There was a measles outbreak in Brooklyn in March. That means there was a vaccination problem in Brooklyn.
In March, New York City health authorities saw a sudden rise in measles cases in several densely populated Orthodox Jewish communities.
The disease quickly spread. Among the 58 measles cases reported thus far, a child contracted pneumonia and two pregnant women were hospitalized, according to the New York City Department of Health and Mental Hygiene. One of the women had a miscarriage.
Very sad, when measles shouldn’t be around at all.
The department traced the outbreak to a person who it concluded brought the virus from a trip to London, says Jay Varma, the department’s deputy commissioner for disease control. Overall, vaccination rates are high in the communities, he says, but the outbreak then started in a small group of families with members who refused vaccines, he says.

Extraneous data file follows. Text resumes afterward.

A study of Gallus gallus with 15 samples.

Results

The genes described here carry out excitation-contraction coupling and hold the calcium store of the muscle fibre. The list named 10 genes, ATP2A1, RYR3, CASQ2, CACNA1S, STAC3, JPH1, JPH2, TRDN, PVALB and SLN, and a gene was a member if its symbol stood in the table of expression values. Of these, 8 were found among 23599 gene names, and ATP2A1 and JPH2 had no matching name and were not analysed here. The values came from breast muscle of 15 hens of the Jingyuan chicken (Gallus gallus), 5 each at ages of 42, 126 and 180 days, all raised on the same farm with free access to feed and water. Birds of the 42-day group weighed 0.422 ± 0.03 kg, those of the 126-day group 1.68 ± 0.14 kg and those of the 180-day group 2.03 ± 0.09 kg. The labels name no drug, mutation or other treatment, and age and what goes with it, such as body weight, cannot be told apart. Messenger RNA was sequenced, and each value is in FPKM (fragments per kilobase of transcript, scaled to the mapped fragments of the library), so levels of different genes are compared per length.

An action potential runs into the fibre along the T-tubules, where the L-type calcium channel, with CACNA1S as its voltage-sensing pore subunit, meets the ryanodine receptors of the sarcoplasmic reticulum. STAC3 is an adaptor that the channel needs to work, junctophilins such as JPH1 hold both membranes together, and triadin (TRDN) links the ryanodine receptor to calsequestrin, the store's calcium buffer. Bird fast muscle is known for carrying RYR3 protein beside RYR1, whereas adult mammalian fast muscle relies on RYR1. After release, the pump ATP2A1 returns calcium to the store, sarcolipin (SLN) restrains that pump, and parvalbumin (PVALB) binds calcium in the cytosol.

Refused vaccines, but continued to mingle with other people.
While measles no longer circulates freely in the U.S., health authorities still battle outbreaks. All states require that children receive vaccinations before attending school, with some exceptions for medical reasons.
But many states grant religious or philosophical exemptions, creating pockets of vulnerability.
In other words, it’s not the case that “all states require that children receive vaccinations before attending school.” Many states don’t require that at all, because those exemptions are freely given.
No doubt it’s all part of god’s plan.